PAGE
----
By Shawn Regan
---- — HAVERHILL — Last weekend was a bad time for the promoters of large events at Kimball Farm to have their worst parking debacle.
Police said traffic was backed up several miles Saturday morning as hundreds of vehicles lined up attempting to enter the East Broadway property for the Color Me Rad race, preventing residents in the area from exiting their driveways by automobile. Traffic was backed up all the way to Route 110 and Interstate 495 more than three miles away, police said. Officials used words such as “crisis,” “disaster” and “nightmare” to describe the scene at last night’s City Council meeting.
Councilors have been keeping a close eye on events at the farm in the wake of neighborhood complaints and police concerns about the escalating size of events at the rural location. They are in the process of making new rules increasing the city’s ability to control the size, frequency and other aspects of large public events in the city.
Mayor James Fiorentini said he began receiving phone calls Saturday morning from angry neighbors and motorists while he was in New Jersey, and that he sent police Chief Alan DeNaro to the farm to see what was happening.
In a letter to the council, DeNaro said the situation was so bad that he would not support future events at the farm.
“For these events to truly be successful, they must not only be beneficial to those obtaining a profit, but also provide minimal impact on neighboring residents and travelers in and around the area,” the chief said in his letter. “The problems caused by events of this magnitude far outweigh any benefits to Haverhill.”
Lt. Robert Pistone told councilors last night that emergency personal such as fire trucks or ambulances would not have been to able to reach the area had there been a fire, accident, altercation or other emergency. Pistone stressed that roads surrounding Kimball Farm weren’t designed to handle so much traffic at one time.
The council considered three future events at Kimball Farm last night: Foam Fest on June 21 and 22, Dirty Girl Mud Run on July 19 and Mudderella on Sept. 6. They rejected them all.
Councilors said they would allow Sunday’s KidsFEST event to go on as scheduled because it was previously approved.
“We’ve been watching events at that beautiful property and we’ve tried to be flexible, but it’s gotten out of hand,” Councilor William Ryan said. “This past weekend there were so many cars that it created a crisis. Cars were backed up four miles for 495. It was a disaster.”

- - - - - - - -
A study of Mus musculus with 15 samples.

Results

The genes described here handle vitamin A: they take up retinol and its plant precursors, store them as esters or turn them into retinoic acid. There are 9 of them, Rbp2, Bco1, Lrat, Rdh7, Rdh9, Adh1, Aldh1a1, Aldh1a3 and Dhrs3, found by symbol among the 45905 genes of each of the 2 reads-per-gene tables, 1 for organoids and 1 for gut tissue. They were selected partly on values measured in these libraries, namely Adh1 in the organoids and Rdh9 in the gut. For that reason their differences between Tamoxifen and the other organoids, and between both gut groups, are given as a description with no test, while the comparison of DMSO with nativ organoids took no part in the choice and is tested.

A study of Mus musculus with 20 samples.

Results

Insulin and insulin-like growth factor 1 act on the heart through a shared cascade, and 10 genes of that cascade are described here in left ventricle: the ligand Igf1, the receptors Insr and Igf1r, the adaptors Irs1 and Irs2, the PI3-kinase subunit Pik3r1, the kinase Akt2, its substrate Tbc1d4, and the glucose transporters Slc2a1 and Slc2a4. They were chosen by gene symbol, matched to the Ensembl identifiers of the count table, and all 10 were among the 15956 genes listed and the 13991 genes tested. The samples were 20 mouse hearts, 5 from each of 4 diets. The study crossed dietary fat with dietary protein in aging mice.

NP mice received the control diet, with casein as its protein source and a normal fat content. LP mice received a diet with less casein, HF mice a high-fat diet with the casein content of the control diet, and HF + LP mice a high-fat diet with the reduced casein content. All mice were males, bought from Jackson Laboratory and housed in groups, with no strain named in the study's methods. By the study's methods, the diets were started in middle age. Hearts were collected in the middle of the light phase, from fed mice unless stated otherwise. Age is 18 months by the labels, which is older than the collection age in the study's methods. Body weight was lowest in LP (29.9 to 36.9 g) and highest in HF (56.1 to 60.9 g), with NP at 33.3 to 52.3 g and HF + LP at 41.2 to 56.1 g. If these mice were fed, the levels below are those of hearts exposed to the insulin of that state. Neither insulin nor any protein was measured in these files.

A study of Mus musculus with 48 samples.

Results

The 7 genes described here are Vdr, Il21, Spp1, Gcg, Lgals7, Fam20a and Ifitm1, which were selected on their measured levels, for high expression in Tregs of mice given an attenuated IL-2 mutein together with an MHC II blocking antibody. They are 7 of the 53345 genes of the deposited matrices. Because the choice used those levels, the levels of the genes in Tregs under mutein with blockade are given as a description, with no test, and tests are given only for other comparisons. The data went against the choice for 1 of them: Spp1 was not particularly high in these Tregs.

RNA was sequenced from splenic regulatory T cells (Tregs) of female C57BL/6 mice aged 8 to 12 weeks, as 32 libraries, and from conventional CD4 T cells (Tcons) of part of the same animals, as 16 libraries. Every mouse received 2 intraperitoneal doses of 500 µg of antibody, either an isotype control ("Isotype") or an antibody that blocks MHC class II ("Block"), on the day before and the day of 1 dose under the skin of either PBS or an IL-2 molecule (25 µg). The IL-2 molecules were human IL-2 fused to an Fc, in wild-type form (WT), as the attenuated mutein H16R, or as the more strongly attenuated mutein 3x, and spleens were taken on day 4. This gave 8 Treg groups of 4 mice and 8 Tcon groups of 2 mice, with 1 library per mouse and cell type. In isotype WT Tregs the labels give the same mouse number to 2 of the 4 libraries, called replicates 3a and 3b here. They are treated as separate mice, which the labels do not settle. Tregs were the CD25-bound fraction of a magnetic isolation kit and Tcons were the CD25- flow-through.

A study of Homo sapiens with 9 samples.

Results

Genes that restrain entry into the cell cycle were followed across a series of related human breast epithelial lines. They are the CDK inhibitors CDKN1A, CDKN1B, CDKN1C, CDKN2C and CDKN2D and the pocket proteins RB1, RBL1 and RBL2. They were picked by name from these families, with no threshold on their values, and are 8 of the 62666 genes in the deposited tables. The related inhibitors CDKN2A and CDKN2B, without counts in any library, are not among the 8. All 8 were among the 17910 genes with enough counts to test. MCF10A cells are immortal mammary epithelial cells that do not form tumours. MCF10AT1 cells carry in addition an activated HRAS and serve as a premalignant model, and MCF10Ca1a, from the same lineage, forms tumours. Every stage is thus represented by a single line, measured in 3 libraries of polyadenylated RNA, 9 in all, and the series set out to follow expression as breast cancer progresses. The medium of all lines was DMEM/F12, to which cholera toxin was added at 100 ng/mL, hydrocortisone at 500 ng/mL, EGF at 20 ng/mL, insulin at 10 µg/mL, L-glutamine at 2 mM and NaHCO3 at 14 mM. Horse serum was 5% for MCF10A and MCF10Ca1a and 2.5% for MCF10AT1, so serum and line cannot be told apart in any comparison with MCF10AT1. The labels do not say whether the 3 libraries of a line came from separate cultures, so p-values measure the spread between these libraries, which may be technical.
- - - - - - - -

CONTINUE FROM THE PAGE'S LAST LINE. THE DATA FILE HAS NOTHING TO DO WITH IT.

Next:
Meredith Robinson, sales director for Front Office Events LLC of Amesbury, said her company was caught off guard Saturday when about 1,000 more vehicles than were expected began arriving for the Color Me Rad race. She said all participants began arriving between 7 and 9 in the morning. She that was unusual for races at the farm, which usually have staggered start times so participants don’t all arrive at once.
Robinson said her company began letting people onto the farm property without paying to get vehicles off the street as fast as possible. By that time it was too late, however.
“This was the first we had a mass-start like this, and the first time we had a problem like this,” Robinson said. “The roads there are too narrow for a mass-start race, but not for the kind of events we have coming up.”
Front Office Events, a spin-off of Amesbury Sports Park, was scheduled to hold seven events through September at Kimball Farm. Robinson has said her company has an agreement with Tyler Kimball, a city firefighter whose family owns Kimball Farm, to hold events there. She said her company pays Kimball a fee for each event from parking revenue.
Kimball began holding non-agricultural events at his property last year under a pilot program with the state Department of Agricultural Resources. The department’s approval was required because the state purchased the development rights to the farm some years ago under a program aimed at preserving operational farms in Massachusetts.
“We wanted to give these events a chance,” Councilor Mary Ellen Daly O’Brien said. “But our worst nightmare came true. We’ll consider smaller events in the future, but no more large events.”
Council President John Michitson said he relied on the police chief’s letter in making his decision.
“We all tried to be fair and give it a shot,” Michitson said. “But we can’t ignore the police chief’s safety concerns. The event was a disaster and we’re not willing to take that risk again.”